Monday, September 27, 2004

The love that dare not speak its name

Latest in a long line of Euro-luvvies, trade and industry secretary Patricia Hewitt has warned of the dangers of allowing campaigning on the EU constitution to drift. "We absolutely need to make the case for Europe," she pleaded in an interview yesterday on ITV's Jonathan Dimbleby politics show.

Yet, apart from the inane intervention by Jack Straw at a Labour conference fringe last night, there is absolutely nothing on the official programme which indicates the European Union is at all going to be an issue. Apart from what might be incidental references in the prime minister's speech, the conference looks like being an EU-free zone.

Mz Hewitt, on the other hand, would like to see campaigning for the constitution ratcheted up now, arguing that it would be dangerous to leave it until after the general election.

But she is almost certainly going to be disappointed. Blair is almost certainly relying on the same strategy he employed in 1997. Then, under pressure from the Goldsmith’s Referendum Party, the promise of a post-election referendum on the euro served to neutralise the issue. Similarly, the primary purpose of the constitutional referendum is to neutralise "Europe" as an issue during the forthcoming general election.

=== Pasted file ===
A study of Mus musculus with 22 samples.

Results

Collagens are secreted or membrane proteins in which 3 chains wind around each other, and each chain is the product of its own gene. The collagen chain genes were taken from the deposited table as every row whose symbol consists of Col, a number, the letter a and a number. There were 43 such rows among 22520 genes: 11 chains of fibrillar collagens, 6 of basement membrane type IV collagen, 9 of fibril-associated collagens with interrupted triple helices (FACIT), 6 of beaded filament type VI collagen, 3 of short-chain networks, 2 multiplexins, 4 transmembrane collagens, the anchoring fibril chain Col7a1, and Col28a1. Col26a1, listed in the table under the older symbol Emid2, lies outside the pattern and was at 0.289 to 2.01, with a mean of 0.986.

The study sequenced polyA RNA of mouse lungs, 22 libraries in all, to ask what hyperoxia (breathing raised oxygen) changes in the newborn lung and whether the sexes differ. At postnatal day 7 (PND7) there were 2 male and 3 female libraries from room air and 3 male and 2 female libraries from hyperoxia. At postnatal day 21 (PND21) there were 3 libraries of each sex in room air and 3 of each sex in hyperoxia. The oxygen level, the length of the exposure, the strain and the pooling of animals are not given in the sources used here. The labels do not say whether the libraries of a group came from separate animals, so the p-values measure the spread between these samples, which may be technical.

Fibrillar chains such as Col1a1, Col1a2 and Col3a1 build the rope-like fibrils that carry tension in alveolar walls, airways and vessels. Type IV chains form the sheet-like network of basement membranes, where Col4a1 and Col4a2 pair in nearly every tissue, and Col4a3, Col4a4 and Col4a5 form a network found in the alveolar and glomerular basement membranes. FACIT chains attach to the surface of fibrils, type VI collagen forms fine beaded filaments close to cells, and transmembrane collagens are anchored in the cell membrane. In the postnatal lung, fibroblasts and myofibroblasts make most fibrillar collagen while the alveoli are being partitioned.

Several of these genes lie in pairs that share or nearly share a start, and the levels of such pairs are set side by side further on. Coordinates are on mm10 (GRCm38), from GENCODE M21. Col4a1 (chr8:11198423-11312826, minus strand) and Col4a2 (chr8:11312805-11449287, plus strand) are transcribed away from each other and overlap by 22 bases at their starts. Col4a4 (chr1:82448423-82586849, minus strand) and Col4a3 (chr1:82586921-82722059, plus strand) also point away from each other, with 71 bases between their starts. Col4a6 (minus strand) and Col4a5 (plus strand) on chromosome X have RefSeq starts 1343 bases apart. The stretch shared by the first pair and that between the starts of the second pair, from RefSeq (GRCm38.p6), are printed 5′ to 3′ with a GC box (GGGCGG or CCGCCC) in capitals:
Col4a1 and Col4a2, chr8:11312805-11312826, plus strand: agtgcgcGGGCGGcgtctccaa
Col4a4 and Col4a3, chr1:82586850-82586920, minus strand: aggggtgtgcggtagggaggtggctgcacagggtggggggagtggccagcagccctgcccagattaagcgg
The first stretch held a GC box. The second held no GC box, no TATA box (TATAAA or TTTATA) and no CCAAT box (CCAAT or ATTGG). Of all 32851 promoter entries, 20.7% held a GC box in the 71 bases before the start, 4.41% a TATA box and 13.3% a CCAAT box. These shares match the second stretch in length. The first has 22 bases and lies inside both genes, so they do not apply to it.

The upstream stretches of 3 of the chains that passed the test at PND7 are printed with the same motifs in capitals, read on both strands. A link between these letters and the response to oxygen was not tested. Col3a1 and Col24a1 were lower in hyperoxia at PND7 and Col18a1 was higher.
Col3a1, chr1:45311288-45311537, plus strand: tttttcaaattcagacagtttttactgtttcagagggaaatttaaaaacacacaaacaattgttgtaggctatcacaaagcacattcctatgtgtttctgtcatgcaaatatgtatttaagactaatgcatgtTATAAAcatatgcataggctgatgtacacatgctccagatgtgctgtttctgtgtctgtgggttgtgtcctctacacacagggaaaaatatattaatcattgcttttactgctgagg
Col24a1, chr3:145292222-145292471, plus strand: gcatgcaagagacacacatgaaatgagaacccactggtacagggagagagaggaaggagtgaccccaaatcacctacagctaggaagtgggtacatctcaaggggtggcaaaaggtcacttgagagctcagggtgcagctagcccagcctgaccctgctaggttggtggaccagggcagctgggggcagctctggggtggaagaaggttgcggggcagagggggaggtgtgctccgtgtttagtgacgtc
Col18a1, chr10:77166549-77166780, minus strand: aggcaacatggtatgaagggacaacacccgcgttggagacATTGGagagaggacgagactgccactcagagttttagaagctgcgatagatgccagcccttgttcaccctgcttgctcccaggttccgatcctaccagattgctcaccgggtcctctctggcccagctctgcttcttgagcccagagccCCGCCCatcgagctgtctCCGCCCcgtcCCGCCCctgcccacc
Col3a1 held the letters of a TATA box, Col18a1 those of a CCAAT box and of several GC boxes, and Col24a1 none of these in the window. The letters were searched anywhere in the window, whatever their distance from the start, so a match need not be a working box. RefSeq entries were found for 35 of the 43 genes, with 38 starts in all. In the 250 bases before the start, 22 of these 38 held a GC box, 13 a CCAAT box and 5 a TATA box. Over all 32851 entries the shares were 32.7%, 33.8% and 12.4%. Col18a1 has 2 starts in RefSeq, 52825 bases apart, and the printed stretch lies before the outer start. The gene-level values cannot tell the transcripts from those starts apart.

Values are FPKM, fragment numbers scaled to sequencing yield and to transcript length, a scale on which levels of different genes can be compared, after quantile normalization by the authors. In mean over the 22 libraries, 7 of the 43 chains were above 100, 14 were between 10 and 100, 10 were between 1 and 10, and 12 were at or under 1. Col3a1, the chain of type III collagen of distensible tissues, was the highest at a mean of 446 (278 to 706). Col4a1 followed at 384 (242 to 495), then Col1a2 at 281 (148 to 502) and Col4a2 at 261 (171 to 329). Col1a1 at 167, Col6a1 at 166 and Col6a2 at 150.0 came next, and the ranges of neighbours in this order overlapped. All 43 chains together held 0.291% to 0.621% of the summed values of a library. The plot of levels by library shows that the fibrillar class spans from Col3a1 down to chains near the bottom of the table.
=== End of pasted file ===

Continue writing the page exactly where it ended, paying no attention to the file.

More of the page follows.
This "take" is effectively confirmed by reports from "Downing Street insiders" who state that Mandelson favours delaying the campaingn until after the election. Mandelson is said to fear that "a long campaign will bore the public altogether," but the greater concern must surely be that "Europe" as an election issue plays badly for Labour and will give UKIP a toehold on which to campaign.

A leader who is supposedly the most "pro-Europe" in a generation is, therefore, having to hold back on his protestations of support – not so much a question of unrequited love, as the love that dare not speak its name.